The Magic is Back! The performance of our 800 concurrent subscribers rocked!
Less proved to be definitely better than More when it comes to thread pools on IIS. Before launching the 800 subscriber test run, I throttled back the number of threads that are available in the 3 pools that do work on IIS. The default setting in the registry is 20 which means that a total of 60 threads are pooled to perform operations against the .IN files, .OUT files, and the SQL Reconciler. I speculated that my IIS servers with dual cores were spending too much time context switching between threads in the previous two test runs of 600 and 700 subscribers. I also thought I might be overwhelming the SQL Reconciler but experimentation was needed. I changed the registry setting to just 10 on both IIS servers so that each of them would only have 30 total threads in their respective pools.
The gamble paid off…
- IIS1 – CPU: 10% | Memory: 228 MB | Network Utilization: .95% | Disk: 3%
- IIS2 – CPU: 9% | Memory: 227 MB | Network Utilization: .92% | Disk: 3%
- SQL Distributor – CPU: 4% | Memory: 4.91 GB | Network Utilization: .58% | Disk: 40%
- SQL Publisher – CPU: 32% | Memory: 4.29 GB | Network Utilization: 1% | Disk: 2%
- Client Sync Times – High: 37.9 Minutes | Low: 1.7 Sec | Avg: 15.6 Minutes
As you can see by looking at the server numbers, CPU utilization, memory usage, network utilization, and disk utilization numbers are almost uniformly down accross the board compared to running 600 and 700 clients through a single IIS server with a higher thread pool. Even more startling are the subscriber sync times.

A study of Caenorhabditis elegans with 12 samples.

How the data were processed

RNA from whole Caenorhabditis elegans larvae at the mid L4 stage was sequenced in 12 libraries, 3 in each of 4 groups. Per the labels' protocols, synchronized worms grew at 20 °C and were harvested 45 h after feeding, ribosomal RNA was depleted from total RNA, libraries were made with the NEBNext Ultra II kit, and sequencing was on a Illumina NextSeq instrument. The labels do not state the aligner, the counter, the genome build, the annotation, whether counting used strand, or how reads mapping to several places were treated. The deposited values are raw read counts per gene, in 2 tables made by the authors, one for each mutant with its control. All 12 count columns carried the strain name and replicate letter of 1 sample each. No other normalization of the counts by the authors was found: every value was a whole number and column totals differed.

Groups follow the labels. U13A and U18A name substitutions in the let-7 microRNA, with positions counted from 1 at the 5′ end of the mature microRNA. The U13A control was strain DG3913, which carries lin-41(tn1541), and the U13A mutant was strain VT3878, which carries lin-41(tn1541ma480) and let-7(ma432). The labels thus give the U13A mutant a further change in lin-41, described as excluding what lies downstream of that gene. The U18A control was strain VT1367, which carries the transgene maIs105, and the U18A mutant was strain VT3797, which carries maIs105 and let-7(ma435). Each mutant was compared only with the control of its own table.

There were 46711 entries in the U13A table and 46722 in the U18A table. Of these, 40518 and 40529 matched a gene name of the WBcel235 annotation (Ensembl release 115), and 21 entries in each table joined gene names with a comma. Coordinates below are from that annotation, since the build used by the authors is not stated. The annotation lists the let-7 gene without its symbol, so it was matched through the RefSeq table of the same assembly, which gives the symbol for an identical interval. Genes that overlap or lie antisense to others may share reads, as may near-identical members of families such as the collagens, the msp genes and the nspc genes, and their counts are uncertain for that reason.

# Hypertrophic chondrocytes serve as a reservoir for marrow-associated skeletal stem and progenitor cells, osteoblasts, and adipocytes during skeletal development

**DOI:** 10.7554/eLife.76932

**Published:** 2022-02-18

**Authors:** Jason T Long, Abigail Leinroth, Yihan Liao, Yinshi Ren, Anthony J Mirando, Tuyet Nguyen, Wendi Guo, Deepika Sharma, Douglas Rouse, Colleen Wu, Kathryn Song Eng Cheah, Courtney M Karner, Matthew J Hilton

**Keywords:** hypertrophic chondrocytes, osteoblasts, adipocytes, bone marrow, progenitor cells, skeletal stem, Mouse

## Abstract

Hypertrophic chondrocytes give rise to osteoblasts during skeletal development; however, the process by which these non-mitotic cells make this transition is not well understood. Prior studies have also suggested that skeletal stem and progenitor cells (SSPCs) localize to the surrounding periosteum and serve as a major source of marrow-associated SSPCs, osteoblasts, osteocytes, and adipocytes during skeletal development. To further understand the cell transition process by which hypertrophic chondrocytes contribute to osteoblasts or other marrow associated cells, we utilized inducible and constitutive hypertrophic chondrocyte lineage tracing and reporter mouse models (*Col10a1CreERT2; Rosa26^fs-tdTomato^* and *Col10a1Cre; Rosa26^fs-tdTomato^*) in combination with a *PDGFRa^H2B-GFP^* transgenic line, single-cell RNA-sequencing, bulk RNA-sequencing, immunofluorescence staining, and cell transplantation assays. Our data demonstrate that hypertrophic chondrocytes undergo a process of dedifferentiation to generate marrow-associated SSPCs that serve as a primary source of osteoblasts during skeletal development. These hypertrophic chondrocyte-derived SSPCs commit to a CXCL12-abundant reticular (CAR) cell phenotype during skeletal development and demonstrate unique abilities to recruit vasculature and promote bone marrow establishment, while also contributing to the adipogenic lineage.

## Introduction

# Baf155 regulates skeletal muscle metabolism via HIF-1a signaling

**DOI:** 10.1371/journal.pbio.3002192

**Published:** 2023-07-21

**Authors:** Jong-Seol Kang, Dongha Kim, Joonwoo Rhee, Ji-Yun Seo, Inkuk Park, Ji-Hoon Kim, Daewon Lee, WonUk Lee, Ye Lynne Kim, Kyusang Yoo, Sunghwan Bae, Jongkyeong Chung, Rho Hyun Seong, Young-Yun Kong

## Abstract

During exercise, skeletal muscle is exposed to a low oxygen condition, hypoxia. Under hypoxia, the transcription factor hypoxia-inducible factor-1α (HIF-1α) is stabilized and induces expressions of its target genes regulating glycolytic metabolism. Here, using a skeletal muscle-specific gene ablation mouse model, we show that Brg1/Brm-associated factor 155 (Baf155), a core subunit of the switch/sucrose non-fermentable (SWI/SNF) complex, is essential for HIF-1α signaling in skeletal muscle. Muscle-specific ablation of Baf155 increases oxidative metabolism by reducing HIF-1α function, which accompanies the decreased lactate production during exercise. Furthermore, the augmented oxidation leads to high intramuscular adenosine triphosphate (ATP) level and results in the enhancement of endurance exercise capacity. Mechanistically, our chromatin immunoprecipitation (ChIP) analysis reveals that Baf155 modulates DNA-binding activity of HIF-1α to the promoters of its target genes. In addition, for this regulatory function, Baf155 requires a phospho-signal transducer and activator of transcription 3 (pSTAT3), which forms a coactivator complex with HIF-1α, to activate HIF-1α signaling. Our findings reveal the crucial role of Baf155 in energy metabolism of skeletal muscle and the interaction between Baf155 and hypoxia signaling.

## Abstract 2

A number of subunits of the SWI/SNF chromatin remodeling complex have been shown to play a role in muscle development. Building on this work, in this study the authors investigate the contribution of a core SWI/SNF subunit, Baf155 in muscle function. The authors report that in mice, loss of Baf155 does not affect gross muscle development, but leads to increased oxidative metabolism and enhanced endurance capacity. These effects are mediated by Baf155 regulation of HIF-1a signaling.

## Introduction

The highest sync time of 37.9 minutes is faster than the 40.3 minute sync time we recorded from 600 subscribers and it’s significantly faster than the 76.8 minute sync time logged by the 700 subscribers. The average sync time of 15.6 minutes was almost 5 minutes faster than the average sync time recorded by the 700 subscribers.
So the key takeaway here is reduce the size of the thread pool and don’t push each IIS server beyond 400 concurrent subscribers. Reducing my thread pool to 10 on both IIS servers meant that context switching was reduced and I never had more than 20 connections to the SQL Reconciler. This gave SQL Server room to breathe and perform its work faster than if it had to deal with the default of 40 connections (20 connections per IIS box) to the SQL Reconciler. If I was going to add a third IIS server to accomodate 1,200 concurrent subscribers, I would give serious thought to reducing the thread pool even further to stay under 20 connections to the SQL Reconciler (6-7 threads per IIS box). I would also add that you should thoroughly experiment with different thead pool sizes on IIS to determine which amount yields the best performance for the number of subscribers you need to replicate at the same time.
I’m super excited that we beat our record of 720 simultaneous subscribers from MEDC 2007 both in scalability and performance!